19 May 2007 04:24


SW News
  • Title: [SW News](THE ION  #912 - 15/07/00) SOMALIA : Making do and mending
  • From:[]
  • Date :[24 July 2000]

SOMALIA : Making do and mending

Hailed by the United Nations as the country's last chance for salvation, the reconciliation conference on Somalia that's been dragging on in Arta (Djibouti) for two and a half months gives every impression of an exercise in 'make do and mend'. Several advisers of Somali faction chiefs (Awaleh, the legal adviser Abdulkader Gabyow and Mrs. Asha Haji Elmi)have been playing important roles in the conference corridors and some faction chiefs bent but unbowed, such as Ali Mahdi and recently Ahmed Omar Jess, have been welcomed warmly in Djibouti. Arta delegates include many senior officials of the regime of late president Siad Barre who like him were too compromised and chose a golden exile in Scandinavia or in the Americas at the beginning of the 1990s.

As the conference is supposed to wind up before the end of July by nominating a Somalian president, a prime minister, perhaps even a parliament, the earlier face-saving unanimity has now splintered. The question raising the most hackles is nomination of a president. His profile has been roughly sketched by delegates: he must hold a university degree and must not have been directly implicated in the civil war (this kayo's Ali Mahdi) so for the moment, the post seems likely to be filled from the Hawiye tribe and his prime minister from the Darod. Apparently leading the pack for the prime minister's job is conference chairman Hassan Abshir Farah (Darod/Mejertein/Issa Mahmud), an army field officer under Barre who joined SSDF in the early 1980s before moving to an official post in Mogadiscio until the regime collapsed in 1991. Several Hawiye candidates are in the running for president including Abdullahi Ahmed Addow (Hawiye/Habr Gedir/Saad), a minister under Barre who insists on having been independent all too passively of the late general Mohamed Farah Aideed, on having support in the United States where he was once ambassador (lawyer Stuart Deming looks after lobbying for him, ION 872). He has already asked his clan businessmen for contributions. His principal rival is Abdi Qassem Salad Hassan (Habr Gedir/Ayr), another one of the Siad Barre regime but who was an active opponent of general Aideed and probably the veritable ideas man behind the Arta conference. He has support from his sub-clan's businesmen, who are also some of the principal interlocutors of Djibouti businessman Abdurahman Boreh, close to head of state Ismail Omar Gelleh. Other 'candidates' appearing briefly on the scene at one time or another included another figure from the Barre regime Osman Mohamed Jeele (Hawadle), Abdullahi Osoble Siyad, Gamadhere, and two Abgals.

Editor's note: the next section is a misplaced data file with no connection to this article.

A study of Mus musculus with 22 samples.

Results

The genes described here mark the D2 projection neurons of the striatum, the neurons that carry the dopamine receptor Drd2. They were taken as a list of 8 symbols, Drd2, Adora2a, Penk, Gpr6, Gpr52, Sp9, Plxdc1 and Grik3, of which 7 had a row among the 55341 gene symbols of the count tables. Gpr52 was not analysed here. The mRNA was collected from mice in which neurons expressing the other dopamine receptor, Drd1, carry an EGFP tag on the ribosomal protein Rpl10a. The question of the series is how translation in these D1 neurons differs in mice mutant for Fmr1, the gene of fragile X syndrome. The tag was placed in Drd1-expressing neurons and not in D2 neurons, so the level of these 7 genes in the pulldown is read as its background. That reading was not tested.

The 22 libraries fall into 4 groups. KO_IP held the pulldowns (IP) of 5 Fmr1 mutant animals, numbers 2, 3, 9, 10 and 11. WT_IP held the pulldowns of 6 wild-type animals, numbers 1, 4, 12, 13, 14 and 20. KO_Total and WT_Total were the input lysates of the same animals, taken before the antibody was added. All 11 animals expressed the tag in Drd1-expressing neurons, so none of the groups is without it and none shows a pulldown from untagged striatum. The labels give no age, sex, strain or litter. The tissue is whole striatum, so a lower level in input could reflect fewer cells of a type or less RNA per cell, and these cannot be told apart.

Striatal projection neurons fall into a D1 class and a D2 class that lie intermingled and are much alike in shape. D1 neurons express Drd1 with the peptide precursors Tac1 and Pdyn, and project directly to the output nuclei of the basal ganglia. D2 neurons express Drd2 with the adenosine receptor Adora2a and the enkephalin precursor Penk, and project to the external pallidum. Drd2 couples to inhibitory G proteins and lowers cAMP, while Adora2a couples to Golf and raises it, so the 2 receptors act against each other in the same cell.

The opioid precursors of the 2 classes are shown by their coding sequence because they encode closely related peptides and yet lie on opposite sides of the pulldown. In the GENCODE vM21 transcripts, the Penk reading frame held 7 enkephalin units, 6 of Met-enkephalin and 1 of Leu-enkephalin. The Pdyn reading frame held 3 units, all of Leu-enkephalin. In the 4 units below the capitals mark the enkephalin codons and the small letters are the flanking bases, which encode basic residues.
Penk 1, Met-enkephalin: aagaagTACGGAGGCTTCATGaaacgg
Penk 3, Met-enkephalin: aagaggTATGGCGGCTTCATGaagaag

All this competition has sparked debate on the terms for designating Somalia's future president. Abdi Qassem, who has woven a cunning web of good relations with all clans, wants an election by conference delegates, but Abdullahi Addow, who doesn't enjoy the same dazzling support, is pushing for election by parliament which itself would be designed on regional lines, not clan lines. This subtly shaded distinction would probably give an edge to the Darod and widen the number of Addow supporters. Nothing is really settled and other scenarios may well crop up if continued competition splits the conference too much, though for its official promoter, president Ismail Omar Gelleh, the first priority is to save face. In any case and even in the event of agreement, there's nothing to say that conference decisions made in Arta (and already been shot to ribbons by the authorities in Puntland and Somaliland, not to mention by some Mogadiscio warlords) will lead to initial application in Somalia. Worse still, if the government cocktail shaken in Arta contains a clever mixture of pre-1990 government teams, it's clear it will be rejected by many Somalis and any attempt to impose such a government will light a deadly fuse even in zones which are calm today. That would be a curious but sad ending for a reconciliation conference.

Copyright 2000 Indigo Publications . Reproduction and dissemination prohibited (photocopy, mailing lists, intranet, web, etc.) without written permission of the editor.